It seems India's foreign policy mechanism is unable to come out from a gloomy phase. Since the start of this year when two soldiers were killed near the LoC border, New Delhi is facing one challenge after another on the foreign affairs front and none of the issues have witnessed a smooth and logical conclusion and have only fuelled bigger ruckus in the parliament and state assemblies.
Issues concerning Pakistan, Sri Lanka, Maldives, Bangladesh and even a distant Italy have seen how the decision-makers of the largest democracy and a potential superpower have struggled to find a way out of the rubble.
Is the term 'soft state', which was coined by Swedish economist Gunnar Myrdal in the early 1960s, aptly applies to India irrespective of its size, military might, economic strength and accommodative political system?
Yes, it does. India's preference of its historical route is the main reason for this perceived softness of national power. The idealism of Jawaharlal Nehru, a western educated liberal democrat, did not really help the country to emerge as a hard power since 1947.
The task of implementing purposeful policy on the ground has been all the more difficult because of India's undeniable socio-cultural links with the neighbours and across the world . These ground realities needed the country to chalk out an exclusive foreign policy ideology to deal with harder issues related to the national interest but it didn't happen.
The route we preferred did not help us
History has enough evidence to substantiate that India always banked on an idealist foreign policy. Nehru's move to internationalise the Kashmir problem, supporting China's candidature as a permanent member of the Security Council, backing a non-aligned movement and gradually tilting towards the erstwhile Soviet Union and annoying the US and getting humiliated by China in 1962 after trusting its words are some of factors which have not helped India's image in the long run.
By trying to keep a distance with the Cold War, India had only defeated its chances of winning a strong ally in the US and allowed Pakistan to fill up the vacuum. We know how India's stand towards Pakistan was significantly weakened once the Cold War's shadow reached South Asia and Islamabad formally made alliance with the US. The continued opposition to the US only strengthened the US-Pakistan-China axis and New Delhi had no other option but to run into the fold of Moscow.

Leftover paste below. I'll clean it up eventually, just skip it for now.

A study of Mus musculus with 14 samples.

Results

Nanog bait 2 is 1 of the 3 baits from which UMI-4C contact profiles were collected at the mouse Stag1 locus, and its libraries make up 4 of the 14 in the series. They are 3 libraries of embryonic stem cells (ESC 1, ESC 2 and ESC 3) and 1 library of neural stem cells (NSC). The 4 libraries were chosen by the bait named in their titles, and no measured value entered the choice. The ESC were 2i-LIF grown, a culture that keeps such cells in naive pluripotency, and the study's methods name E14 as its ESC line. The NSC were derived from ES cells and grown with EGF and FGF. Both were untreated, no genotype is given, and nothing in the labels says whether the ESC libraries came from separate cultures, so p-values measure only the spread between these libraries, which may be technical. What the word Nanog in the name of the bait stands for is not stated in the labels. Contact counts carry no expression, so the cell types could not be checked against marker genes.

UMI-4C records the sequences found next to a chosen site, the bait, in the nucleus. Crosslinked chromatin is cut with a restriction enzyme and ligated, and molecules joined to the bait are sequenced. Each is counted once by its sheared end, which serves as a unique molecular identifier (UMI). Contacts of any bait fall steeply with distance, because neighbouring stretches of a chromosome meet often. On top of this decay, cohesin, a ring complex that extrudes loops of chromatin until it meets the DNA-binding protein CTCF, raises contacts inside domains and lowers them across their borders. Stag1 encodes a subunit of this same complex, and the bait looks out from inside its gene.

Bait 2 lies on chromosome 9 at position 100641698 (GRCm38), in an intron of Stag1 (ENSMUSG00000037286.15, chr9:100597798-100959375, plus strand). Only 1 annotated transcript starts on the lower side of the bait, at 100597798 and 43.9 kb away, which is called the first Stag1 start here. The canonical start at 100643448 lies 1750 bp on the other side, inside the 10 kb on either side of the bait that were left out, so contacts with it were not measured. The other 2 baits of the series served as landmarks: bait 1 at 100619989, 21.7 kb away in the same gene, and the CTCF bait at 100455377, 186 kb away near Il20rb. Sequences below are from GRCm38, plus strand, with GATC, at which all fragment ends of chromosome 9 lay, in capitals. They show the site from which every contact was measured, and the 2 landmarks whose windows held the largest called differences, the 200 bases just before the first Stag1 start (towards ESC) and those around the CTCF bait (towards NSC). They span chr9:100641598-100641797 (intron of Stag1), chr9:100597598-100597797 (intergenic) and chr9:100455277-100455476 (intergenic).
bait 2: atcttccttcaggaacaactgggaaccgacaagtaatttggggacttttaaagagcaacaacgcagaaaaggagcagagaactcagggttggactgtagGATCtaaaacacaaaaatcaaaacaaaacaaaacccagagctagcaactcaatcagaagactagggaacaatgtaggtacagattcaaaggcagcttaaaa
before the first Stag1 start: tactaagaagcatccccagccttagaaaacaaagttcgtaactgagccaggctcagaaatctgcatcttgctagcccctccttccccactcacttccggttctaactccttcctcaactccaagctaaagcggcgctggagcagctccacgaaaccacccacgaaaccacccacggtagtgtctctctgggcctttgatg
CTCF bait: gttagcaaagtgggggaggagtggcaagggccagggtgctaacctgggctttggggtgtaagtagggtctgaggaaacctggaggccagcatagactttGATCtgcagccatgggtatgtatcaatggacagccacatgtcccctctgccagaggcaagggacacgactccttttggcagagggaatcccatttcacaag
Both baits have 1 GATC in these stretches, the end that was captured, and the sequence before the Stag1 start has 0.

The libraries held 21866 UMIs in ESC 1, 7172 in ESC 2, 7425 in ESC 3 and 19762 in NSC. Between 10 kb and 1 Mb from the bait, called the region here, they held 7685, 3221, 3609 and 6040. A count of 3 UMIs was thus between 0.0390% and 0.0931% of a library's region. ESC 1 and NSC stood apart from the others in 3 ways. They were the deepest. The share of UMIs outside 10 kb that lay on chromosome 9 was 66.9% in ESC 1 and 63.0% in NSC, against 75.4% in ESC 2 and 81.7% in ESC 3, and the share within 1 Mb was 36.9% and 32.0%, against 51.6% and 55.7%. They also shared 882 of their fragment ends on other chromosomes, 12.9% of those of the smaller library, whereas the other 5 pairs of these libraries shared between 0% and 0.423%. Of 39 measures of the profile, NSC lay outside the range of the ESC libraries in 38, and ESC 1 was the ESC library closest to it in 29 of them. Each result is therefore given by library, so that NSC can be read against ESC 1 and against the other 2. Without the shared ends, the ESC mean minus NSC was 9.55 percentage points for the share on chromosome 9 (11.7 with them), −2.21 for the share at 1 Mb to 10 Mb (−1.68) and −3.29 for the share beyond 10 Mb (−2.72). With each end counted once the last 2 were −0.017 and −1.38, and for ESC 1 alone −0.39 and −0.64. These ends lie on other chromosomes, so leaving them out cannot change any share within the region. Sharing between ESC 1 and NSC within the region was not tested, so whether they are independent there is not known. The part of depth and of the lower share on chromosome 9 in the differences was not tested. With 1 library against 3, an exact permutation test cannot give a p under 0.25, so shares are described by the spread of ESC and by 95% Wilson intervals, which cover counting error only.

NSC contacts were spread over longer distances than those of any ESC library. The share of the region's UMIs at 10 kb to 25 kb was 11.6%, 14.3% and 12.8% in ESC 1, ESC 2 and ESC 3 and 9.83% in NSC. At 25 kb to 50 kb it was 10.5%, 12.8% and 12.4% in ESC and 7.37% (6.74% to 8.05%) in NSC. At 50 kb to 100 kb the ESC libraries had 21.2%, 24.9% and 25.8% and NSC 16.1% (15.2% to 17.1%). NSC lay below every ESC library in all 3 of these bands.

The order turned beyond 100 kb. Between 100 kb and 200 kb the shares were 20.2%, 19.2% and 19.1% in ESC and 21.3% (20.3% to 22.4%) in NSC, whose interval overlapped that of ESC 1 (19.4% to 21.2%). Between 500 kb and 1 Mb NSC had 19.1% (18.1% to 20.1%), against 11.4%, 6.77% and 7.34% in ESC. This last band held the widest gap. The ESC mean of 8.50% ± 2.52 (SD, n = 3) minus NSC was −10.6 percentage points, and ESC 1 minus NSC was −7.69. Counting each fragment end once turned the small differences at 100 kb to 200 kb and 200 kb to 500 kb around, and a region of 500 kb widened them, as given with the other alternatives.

Ideology misled us in the world of realpolitik
Forty years after those events, we see how India has teamed up with the US to improve its world status. Ideology had misled India in a world of realpolitik and it is still paying for the soft image it had grown up in those years. Apart from the Bangladesh victory under Indira Gandhi's leadership, there is no other example to show India as a robust hard power. Our other initiatives have been mostly futile. The NDA, which often projects its strong nationalism, could do little after a aircraft was hijacked or when the parliament was attacked by terrorists.
Fragile and indifferent leadership
The nation's interest has not been helped by the fragile and indifferent leadership of today either. If the national government is often crippled by policy paralysis in domestic affairs, there is little hope that it will achieve great heights in foreign affairs. Moreover, there is a clear lack of priority on New Delhi's foreign policy issues. Ministers after ministers are going to Bangladesh but none has yet succeeded in convincing Mamata Banerjee to support the Teesta water treaty.
There seems to be a little interest in engaging with smaller neighbours in the way we feel insecure about Pakistani and Chinese threats. We are witnessing the results: China is slowly winning over allegiance of the smaller South Asian nations in a bid to corner India.
Lack of interest on foreign policy issues
Also there is a serious lack of interest and intellectual cultivation of foreign policy issues in India's academic circles as well. The adhocism and handling of issues by underprepared and overburdened officials in the wake of a crisis exposes our inability in serving the national interest on foreign soils. The resulting clueless approach tells the story of helplessness. Hence, we remain a soft state.
Domestic defence research not in a good shape
We don't even take the hard power equation seriously. Our defence research organisation is in a shambles and we have to depend on foreign sources to maintain our army and arsenal. How does this approach suit a huge country like India, which is located in one of the most volatile regions of the world?
Political bickering and politicising foreign policy issues
The never-ending political bickering between the main parties in India also reasserts our helplessness.
Instead of giving a thought on diplomatic issues and proper channelisation of events abroad, the parties are seen here disputing the Italian origins of Congress president Sonia Gandhi. How many of these disputing leaders know about provisions of international charters and conventions?
Even the foreign minister was given the post after he was accused of indulging in corruption during his stay in the earlier ministry. The home minister was given the crucial ministry after he failed to deliver as the power minister. This is how we treat the foreign and home ministries and yet expect people not to mock at us?
The dysfunctional politics of the world' largest democracy is not only harming the domestic politics but even affecting foreign interests. The twin Italian issues reflect the poor state of our political affairs.